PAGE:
I was asked to read it at a funeral. I thought it was such a beautful way of saying "thank you" from a daughter to her mother, for an introduction to the web of life and cycle of the seasons.
But when I first started reading it, I thought it might simply be one of those over-delicate, precious Edwardian reveries, kind of sub-Kenneth Graham at his worst. By the time I'd finished it, I was intoxicated. Just let the names get to work, sit back and let go....
All These I Learnt
If I have a son, he shall salute the lords and ladies, who unfurl green hoods to the March rains, and shall know them afterwards by their scarlet fruit.
He shall know the celandine, and the frigid, sightless flowers of the woods, spurge and spurge laurel, dogs' mercury, wood-sorrel and queer four-leaved herb-paris fit to trim a bonnet with its purple dot.
He shall see the marshes gold with flags and kingcups and find shepherd's purse on a slag-heap. He shall know the tree-flowers, scented lime-tassels, blood-pink larch-tufts, white strands of the Spanish chestnut and tattered oak-plumes.
He shall know orchids, mauve-winged bees and claret-coloured flies climbing up from mottled leaves. He shall see June red and white with ragged robin and cow parsley and the two campions. He shall tell a dandelion from sow thistle or goat's beard. He shall know the field flowers, lady's bedstraw and lady's slipper, purple mallow, blue chicory and the cranesbills - dusky, bloody, and blue as heaven.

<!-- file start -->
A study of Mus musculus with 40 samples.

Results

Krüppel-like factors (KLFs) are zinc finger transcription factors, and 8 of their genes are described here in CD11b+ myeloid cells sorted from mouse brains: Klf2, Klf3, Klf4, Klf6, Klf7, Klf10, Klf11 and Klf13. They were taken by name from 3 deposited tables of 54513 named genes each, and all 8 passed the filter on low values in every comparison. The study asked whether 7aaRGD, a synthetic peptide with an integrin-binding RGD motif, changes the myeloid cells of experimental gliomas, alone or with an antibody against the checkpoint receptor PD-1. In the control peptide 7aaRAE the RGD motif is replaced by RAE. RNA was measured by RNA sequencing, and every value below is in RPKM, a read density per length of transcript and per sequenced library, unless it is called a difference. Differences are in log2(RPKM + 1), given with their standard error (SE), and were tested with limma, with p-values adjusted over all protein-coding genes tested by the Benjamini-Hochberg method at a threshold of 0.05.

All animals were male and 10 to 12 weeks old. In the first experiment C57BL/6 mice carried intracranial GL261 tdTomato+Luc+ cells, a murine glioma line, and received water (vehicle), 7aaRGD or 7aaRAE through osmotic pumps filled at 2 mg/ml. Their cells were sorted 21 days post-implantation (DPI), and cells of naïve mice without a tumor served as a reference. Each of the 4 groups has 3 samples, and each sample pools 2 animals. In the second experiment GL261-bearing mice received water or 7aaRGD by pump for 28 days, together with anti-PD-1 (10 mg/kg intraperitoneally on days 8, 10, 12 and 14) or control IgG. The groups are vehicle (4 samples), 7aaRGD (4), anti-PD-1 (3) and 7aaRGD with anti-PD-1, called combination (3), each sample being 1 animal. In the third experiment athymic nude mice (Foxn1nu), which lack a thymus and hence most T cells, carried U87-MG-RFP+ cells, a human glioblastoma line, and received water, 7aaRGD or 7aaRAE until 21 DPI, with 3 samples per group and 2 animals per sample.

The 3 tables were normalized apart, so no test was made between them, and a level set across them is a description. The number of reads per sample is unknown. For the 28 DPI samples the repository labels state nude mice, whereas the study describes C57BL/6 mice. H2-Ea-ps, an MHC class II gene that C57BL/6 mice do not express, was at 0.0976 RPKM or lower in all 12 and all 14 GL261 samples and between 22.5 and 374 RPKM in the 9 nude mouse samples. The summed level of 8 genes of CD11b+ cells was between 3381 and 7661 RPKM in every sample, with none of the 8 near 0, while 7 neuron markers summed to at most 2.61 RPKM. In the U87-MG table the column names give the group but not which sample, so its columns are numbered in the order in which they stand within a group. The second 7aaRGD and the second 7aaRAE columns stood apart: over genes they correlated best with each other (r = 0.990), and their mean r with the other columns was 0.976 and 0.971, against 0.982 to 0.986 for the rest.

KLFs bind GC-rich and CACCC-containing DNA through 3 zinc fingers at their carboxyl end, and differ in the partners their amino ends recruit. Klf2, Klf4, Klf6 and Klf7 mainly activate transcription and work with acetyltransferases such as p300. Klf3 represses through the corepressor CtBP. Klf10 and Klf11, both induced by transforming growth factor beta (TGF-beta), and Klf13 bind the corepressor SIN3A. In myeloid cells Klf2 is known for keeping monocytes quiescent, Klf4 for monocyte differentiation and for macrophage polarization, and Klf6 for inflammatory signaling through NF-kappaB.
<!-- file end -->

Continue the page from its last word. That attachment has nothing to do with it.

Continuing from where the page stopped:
In the cool summer wind he shall listen to the rattle of harebells against the whistle of a distant train, shall watch clover blush and scabious nod, pinch the ample vetches, and savour the virgin turf. He shall know grasses, timothy and wag-wanton, and dust his finger-tips in Yorkshire fog.
By the river he shall know pink willow-herb and purple spikes of loosestrife, and the sweetshop smell of water-mint where the rat dives silently from its hole. He shall know the velvet leaves and yellow spike of the old dowager, mullein, recognise the whole company of thistles, and greet the relatives of the nettle, wound-wort and hore-hound, yellow rattle, betony, bugle and archangel.
In autumn, he shall know the hedge lanterns, hips and haws and bryony. At Christmas he shall climb an old apple-tree for mistletoe, and know whom to kiss and how.
He shall know the butterflies that suck the brambles, common whites and marbled white, orange-tip, brimstone, and the carnivorous clouded yellows. He shall watch fritillaries, pearl-bordered and silver-washed, flit like fireballs across the sunlit rides. He shall run to the glint of silver on a chalk-hill blue - glint of a breeze on water beneath an open sky - and shall follow the brown explorers, meadow brown, brown argus, speckled wood and ringlet.
All these I learnt when I was a child and each recalls a place or occasion that might otherwise be lost. They were my own discoveries. They taught me to look at the world with my own eyes and with attention. They gave me a first content with the universe.